The answer to “who owns a limited company?” depends on the type of company that you’re looking at.
The company limited by shares structure – the most popular company type in the UK – requires a director and shareholder (and person with significant control). But which of these appointments equates to ownership of a company?
The answer is… The shareholder owns a limited by shares company. Let’s explore this a little further, taking limited by guarantee companies into account too.
Shareholders, guarantors, and members – what’s the difference?
Members is the catch-all term for people who own a company.
The members in a company limited by shares are known as shareholders. If there is more than one shareholder in the company, the exact ownership structure depends on how the shares are allocated (e.g. who holds the most shares).
The members in a private company limited by guarantee – typically used for non-profit work – are known as guarantors. Because there are no shares in a limited by guarantee company and typically no profits, exact ownership is generally not relevant.
Limited company liability
If the company encounters financial difficulties, it falls on the members. Fortunately, in both limited by share and limited by guarantee companies, the members’ liability is limited.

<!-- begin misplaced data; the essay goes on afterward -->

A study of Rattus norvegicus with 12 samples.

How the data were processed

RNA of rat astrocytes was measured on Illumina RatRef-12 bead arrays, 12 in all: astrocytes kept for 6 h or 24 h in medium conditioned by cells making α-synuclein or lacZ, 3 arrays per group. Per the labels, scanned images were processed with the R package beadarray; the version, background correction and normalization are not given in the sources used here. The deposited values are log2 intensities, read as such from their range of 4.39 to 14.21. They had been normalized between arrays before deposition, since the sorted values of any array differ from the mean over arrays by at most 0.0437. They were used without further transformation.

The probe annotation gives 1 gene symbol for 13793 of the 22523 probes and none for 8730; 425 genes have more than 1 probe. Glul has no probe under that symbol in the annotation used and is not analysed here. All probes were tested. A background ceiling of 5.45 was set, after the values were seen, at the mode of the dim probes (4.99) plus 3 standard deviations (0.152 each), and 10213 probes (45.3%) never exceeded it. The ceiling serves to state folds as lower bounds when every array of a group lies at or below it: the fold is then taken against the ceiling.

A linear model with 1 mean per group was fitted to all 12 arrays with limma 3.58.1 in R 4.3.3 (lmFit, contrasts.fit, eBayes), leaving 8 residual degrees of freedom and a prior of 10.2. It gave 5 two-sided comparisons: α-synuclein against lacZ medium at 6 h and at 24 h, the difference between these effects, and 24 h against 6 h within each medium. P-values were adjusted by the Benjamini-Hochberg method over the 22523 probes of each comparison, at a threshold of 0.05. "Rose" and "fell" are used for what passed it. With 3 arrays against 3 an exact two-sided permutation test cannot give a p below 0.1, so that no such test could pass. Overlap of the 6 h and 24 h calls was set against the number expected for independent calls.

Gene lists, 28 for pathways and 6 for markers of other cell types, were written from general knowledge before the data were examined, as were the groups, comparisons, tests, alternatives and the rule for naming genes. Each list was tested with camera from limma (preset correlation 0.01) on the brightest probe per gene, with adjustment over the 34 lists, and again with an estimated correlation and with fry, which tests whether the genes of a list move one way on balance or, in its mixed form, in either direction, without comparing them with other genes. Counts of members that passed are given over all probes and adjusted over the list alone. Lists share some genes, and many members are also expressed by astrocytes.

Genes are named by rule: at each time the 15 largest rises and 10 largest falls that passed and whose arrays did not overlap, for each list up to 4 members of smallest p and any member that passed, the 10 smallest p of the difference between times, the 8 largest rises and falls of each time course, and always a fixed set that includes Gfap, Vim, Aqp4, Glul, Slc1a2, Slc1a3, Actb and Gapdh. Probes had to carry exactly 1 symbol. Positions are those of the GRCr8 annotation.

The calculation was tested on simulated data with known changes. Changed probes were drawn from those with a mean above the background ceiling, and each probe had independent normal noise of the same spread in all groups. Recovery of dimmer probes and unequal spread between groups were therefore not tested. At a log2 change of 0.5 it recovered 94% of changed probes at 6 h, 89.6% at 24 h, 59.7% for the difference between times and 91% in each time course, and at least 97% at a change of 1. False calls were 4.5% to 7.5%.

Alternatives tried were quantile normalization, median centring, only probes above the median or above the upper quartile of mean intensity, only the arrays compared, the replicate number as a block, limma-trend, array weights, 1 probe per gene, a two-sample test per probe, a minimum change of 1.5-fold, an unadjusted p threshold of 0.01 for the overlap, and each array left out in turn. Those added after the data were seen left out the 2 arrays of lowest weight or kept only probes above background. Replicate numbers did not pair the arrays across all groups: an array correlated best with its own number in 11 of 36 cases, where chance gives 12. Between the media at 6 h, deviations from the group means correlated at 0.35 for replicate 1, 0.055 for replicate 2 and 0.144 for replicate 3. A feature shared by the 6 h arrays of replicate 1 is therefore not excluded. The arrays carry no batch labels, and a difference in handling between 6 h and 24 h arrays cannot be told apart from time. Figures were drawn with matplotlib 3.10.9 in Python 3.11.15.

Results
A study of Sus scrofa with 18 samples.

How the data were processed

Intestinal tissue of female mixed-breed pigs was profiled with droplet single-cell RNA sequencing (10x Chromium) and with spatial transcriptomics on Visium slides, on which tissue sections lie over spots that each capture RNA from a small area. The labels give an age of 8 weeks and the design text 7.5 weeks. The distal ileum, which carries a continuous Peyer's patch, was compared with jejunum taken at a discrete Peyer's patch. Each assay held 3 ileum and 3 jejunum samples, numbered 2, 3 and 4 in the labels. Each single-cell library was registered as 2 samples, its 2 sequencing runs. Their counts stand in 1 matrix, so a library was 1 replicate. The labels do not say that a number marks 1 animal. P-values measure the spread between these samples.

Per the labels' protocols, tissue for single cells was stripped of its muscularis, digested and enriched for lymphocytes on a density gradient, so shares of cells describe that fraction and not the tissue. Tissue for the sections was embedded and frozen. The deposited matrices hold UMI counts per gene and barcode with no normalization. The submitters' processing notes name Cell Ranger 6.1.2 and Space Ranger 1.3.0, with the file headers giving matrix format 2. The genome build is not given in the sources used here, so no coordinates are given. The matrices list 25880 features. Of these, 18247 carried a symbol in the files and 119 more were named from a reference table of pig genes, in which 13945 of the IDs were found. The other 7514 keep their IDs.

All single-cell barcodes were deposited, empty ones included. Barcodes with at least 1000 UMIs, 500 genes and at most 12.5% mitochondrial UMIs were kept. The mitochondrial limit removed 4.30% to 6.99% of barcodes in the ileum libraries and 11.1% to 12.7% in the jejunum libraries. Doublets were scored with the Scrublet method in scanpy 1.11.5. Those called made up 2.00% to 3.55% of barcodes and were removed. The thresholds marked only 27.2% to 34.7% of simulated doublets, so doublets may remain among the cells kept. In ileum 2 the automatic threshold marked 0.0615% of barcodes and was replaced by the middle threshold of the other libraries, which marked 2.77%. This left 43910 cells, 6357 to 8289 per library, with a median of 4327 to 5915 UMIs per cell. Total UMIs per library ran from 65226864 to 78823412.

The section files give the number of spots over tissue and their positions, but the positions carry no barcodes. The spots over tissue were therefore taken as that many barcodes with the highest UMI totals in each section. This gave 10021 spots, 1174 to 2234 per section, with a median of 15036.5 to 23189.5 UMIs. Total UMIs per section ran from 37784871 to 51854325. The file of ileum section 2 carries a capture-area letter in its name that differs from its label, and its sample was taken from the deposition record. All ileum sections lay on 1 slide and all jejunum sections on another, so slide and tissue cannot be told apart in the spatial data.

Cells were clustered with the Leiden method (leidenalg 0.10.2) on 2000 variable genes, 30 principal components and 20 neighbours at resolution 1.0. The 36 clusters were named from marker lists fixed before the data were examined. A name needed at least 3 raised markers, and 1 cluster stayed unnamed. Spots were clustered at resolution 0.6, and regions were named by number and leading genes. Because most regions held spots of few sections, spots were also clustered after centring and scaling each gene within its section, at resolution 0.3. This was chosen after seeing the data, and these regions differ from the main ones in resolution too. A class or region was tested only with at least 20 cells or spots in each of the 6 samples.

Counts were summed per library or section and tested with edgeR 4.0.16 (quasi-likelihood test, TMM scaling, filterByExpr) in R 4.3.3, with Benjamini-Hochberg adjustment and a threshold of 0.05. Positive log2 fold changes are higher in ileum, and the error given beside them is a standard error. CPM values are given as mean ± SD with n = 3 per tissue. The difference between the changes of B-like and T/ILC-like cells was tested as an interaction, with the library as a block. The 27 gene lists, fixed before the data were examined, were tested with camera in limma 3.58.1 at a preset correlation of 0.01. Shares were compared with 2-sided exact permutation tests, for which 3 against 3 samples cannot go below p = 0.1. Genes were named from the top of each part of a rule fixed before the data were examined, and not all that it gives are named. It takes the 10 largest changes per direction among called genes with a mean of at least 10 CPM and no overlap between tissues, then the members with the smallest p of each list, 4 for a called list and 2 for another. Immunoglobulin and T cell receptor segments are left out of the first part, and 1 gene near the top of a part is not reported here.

In the case of a limited by shares company, if the company were to accrue debts, shareholders are only liable for the value of shares that they hold. Whereas, in a limited by guarantee company, guarantors are only liable for the amount that they have guaranteed.
So there you have it, members own a company, and these can be referred to as shareholders or guarantors – depending on the type of company we’re looking at.
We hope you have found this blog post helpful. Please leave a comment if you have any questions about this post or anything else related to limited companies, and we’ll be happy to help.